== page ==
14 Things You May Not Know About Orgasms
Orgasms: sometimes reaching one seems as complicated as reaching the magical land through the closet in “The Lion, The Witch and The Wardrobe”—the tiniest wrong turn, or speed, and you just won’t get there. But, they aren’t all scary: there are some really great facts about the big O! Plus some comforting ones. Here’s what we learned from WomansDay.com.
You need to tense up to orgasm
Contrary to the popular relief that you need to relax or go limp to orgasm, your likelihood of reaching orgasm increases when you tense up. Doing a Kegel (imitating the contraction you would do if you were trying to hold in urine) sends blood flow to your vaginal area, which helps with arousal.
They can replace your Advil
Because having an orgasm releases oxytocin—a chemical that induces feelings of relaxation, peace, safety and other positive feelings—they can briefly alleviate pain from everything like a headache to arthritis.
Just thinking of an orgasm can relieve pain
Research has shown that simply thinking about an orgasm—really thinking about it by closing your eyes, visualizing a partner and imagining the sensations—can relieve pain.
Condoms won’t minimize your orgasm
Studies have found that women are just as likely to reach orgasm with or without a condom. In fact, some scientists speculate condoms may help a woman’s chances of reaching orgasm: since the man doesn’t need to worry about ejaculating too early and needing to pull out, he might be able to last longer.
1 in 3 women struggle to orgasm
Planned Parenthood reports that 1 in 3 women struggle to orgasm with a partner, and as high as 80% of women struggle to orgasm from intercourse alone. As a whole, female sexual dysfunction (which includes failure to orgasm) is experienced by 43% of women.
There are medications that can help you orgasm
Eros, an FDA-approved device, helps blood flow to the genitals and can up a woman’s chances of orgasm. There are also over-the-counter creams that can increase sensitivity in the vaginal region.
The origins of the “G-spot”
Many women believe the “G-spot” simply stands for the “Good spot” but in fact it is named after Ernst Gräfenberg, MD, a German gynecologist that discovered the region of female genitalia that contains a large cluster of nerve endings.
Orgasms improve with age
If you’re getting depressed about wrinkles or the effect gravity is taking on your boobs, here’s one thing to cheer up about regarding getting older: your sex life might get better! Studies have shown that more women in their 40’s and 50’s experience regular orgasms than women in their 30’s. There is no scientific reasoning behind these findings, but it could be because with time comes experience and older women know how to direct their partner to help them orgasm more.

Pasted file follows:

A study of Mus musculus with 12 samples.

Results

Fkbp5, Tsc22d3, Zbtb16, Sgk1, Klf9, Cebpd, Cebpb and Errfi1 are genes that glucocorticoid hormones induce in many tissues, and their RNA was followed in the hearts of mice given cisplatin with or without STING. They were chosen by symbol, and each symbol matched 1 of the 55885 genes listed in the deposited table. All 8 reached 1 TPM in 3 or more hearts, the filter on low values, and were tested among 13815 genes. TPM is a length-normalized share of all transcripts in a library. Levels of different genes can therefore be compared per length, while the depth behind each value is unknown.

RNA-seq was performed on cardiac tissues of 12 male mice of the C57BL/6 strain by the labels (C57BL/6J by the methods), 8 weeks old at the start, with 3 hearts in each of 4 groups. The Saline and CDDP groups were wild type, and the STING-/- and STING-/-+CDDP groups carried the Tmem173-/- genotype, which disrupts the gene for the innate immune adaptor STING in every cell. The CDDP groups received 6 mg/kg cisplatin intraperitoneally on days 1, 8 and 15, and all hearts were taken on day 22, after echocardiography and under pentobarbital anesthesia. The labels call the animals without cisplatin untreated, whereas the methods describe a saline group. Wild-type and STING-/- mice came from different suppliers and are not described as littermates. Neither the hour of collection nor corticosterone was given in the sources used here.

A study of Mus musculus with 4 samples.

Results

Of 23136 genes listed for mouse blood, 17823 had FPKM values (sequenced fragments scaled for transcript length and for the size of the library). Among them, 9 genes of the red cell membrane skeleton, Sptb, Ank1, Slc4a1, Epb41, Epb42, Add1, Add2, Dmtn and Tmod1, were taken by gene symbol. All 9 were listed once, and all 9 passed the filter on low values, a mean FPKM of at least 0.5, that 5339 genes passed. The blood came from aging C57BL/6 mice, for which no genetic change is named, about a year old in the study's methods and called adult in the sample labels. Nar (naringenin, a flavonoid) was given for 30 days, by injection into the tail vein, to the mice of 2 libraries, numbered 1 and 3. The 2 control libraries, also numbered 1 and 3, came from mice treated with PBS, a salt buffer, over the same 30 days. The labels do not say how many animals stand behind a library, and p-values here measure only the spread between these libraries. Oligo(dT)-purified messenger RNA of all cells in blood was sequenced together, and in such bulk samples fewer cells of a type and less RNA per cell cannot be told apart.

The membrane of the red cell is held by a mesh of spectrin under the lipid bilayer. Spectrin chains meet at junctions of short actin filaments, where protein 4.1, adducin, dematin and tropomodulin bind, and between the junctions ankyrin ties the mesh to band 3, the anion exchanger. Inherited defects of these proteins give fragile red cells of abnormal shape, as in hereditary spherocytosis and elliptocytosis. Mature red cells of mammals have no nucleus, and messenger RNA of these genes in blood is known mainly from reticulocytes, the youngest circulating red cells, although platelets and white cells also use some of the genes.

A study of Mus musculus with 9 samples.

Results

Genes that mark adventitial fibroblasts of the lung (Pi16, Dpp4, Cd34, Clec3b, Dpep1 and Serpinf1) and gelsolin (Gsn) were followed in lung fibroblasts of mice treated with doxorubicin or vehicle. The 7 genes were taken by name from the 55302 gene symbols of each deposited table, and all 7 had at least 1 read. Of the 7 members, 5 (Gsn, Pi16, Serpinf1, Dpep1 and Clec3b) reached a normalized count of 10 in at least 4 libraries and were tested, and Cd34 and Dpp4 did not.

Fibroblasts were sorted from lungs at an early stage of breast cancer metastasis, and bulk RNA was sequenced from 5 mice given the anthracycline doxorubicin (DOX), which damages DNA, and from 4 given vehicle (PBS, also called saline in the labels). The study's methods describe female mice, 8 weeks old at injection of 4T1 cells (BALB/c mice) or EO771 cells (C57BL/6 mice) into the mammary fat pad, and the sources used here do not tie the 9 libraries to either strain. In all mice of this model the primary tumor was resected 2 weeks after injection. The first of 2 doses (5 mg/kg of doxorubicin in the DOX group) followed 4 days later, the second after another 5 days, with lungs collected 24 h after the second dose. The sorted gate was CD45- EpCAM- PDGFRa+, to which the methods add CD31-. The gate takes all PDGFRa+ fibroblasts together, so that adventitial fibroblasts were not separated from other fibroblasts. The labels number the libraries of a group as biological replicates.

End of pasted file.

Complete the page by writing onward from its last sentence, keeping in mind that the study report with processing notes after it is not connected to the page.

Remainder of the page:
Variety can help you orgasm
Women have reported having an easier time climaxing if they incorporate several sexual acts or positions into a romp session. For example, having your partner both manually please you and have intercourse with you will make it more likely that you’ll orgasm than just one or the other.
If you love your vagina, you’re more likely to orgasm
There is a link between a woman’s sexual confidence and her likelihood of orgasm. If a woman feels insecure about the way her vagina looks, feels, smells, tastes—you name it—she’ll struggle to orgasm. Just know that there is no such thing as a “normal” vagina and they come in all shapes, colors and sizes.
Men don’t realize how infrequent your orgasms are
One study had 84% of men reporting that they believed their partner orgasmed last time they had sex, but only 64% of women reported having actually orgasmed during their last session in the sack. So, communicate! A lot of men don’t know that they need to work harder.
There is such thing as the spontaneous orgasm
You may have heard tales of women who orgasmed from riding a horse or getting a massage, and some of them may be true! Certain activities stimulate blood flow to the genitals and induce relaxation, two crucial components to reaching orgasm.
For the most part, men orgasm first
It’s normal that a woman takes much longer than her male partner to reach orgasm. In fact studies have found that most women need at least 20 minutes of sexual activity to reach orgasm.
You can delay your guy’s orgasm
If premature ejaculation on your partner’s part is making it impossible for you to orgasm, there is a way to slow him down, without ruining the mood: try applying firm pressure around the base of his penis with your hand.